A cache of five newly discovered exoplanets orbiting nearby stars has been revealed in a new study. The bounty includes two potentially habitable super-Earths that are perfect candidates to study further in our search for life outside the Solar System, according to the research team.
The two planets are called GJ 180 d and GJ 229A c, clocking in at 7.5 and 7.9 times the mass of Earth, respectively. These newly found worlds are at respective distances of 40 light-years and 19 light-years from Earth.
Both orbit red dwarf stars, which, generally speaking, is thought to not be a good thing for potential life. That's because these types of stars tend to be pretty violent, lashing their surroundings with flare activity and radiation.
That's not necessarily a dealbreaker, depending on the star - some are much less violent than others.
But the other big problem is that red dwarfs are quite a bit cooler than most main sequence stars. As a result, their Goldilocks zone (where temperatures are conducive to liquid water on the surface of a planet) is located pretty close to the star.
In turn, this means that planets in that zone are more prone to tidal locking, where one side of the planet is always facing the star, and the other is facing away. This makes one side searingly hot and constantly bathed in stellar radiation, while the other side lies in chilly darkness.
GJ 180 d has an orbital period of 106 days, and the team thinks this particular planet is far enough from its star Gliese 180 that it would not be tidally locked.
"GJ 180 d is the nearest temperate super-Earth to us that is not tidally locked to its star, which probably boosts its likelihood of being able to host and sustain life," said astronomer Fabo Feng of the Carnegie Institution for Science.
Meanwhile, GJ 229A c has an orbital period of 122 days, but its star Gliese 229A is more massive than Gliese 180, so this world may be tidally locked. However, there's something else interesting about the star: Gliese 229A is in a binary system with a brown dwarf, Gliese 229B.
These objects are sometimes called "failed stars", objects too big to be a planet, but too small to fuse hydrogen in their cores. They form like stars, from the gravitational collapse of a clump of gas - as opposed to the slow accretion process that creates planets - but it's unknown if they can host planets.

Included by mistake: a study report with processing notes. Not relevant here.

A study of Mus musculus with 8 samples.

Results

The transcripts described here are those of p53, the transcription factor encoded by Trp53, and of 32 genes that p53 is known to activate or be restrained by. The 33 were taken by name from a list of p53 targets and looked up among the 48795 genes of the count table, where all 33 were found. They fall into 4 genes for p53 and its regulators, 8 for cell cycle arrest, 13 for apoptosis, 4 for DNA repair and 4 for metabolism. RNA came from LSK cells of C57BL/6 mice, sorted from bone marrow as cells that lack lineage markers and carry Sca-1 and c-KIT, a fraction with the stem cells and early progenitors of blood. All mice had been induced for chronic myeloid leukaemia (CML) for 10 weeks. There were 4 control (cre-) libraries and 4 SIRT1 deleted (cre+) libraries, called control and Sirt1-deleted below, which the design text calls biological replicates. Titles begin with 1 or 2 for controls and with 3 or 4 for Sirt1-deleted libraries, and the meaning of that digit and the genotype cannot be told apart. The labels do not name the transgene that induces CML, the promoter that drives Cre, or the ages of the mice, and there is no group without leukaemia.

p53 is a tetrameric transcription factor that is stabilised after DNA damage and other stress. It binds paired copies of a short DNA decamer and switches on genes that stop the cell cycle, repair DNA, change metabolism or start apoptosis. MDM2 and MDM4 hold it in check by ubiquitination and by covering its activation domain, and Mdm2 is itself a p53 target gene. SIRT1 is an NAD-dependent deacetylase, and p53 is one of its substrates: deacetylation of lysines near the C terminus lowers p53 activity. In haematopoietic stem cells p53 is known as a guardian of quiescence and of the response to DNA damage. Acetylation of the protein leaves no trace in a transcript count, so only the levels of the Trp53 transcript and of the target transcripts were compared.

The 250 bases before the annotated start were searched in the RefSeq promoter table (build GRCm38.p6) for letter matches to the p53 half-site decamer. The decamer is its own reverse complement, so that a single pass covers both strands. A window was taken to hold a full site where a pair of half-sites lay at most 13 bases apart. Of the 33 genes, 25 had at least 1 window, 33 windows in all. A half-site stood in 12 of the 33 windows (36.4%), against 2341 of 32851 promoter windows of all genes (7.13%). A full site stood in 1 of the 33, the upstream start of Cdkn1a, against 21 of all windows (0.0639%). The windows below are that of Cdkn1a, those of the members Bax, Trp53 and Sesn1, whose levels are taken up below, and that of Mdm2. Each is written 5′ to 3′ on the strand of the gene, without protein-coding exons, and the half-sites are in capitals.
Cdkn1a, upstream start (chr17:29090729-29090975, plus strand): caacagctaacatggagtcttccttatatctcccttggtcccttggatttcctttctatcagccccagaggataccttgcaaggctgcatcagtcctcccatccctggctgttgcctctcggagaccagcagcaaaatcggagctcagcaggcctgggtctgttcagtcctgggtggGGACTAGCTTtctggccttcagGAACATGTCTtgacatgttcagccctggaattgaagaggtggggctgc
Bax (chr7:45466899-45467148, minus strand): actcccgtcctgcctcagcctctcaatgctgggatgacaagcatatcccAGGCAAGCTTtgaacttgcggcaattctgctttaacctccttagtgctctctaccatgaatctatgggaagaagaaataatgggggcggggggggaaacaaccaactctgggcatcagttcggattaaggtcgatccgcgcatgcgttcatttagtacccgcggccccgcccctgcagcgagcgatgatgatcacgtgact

GJ 229A c is now officially the closest known temperate super-Earth in a system that includes a brown dwarf, which means it makes an excellent candidate for studying how planets form and evolve in such systems, the researchers said.
The planets were discovered using an indirect approach called the radial velocity method. Although it may not seem like it, planets orbiting a star exert a gravitational influence on that star, causing it to 'wobble' slightly as the planet tugs it.
This can be used to infer not just the presence of planets, but calculate their mass and orbital period and distance. In turn, those data help astronomers to infer the composition and temperature of said planets.
Because these particular systems are so close, the researchers believe that the next generation of powerful telescopes could finally give us direct images of these planets, telling us even more - such as whether the planet has an atmosphere, or even water.
In addition, the haul of planets outlined in this latest paper includes a mini Neptune-mass planet called GJ 433 d. It's the closest and coldest of its kind ever discovered, which makes it the best candidate yet for attempting direct imaging of an ice giant exoplanet.
"Our discovery adds to the list of planets that can potentially be directly imaged by the next generation of telescopes," Feng said.
"Ultimately, we are working toward the goal of being able to determine if planets orbiting nearby stars host life."
The research has been published in The Astrophysical Journal Supplement Series.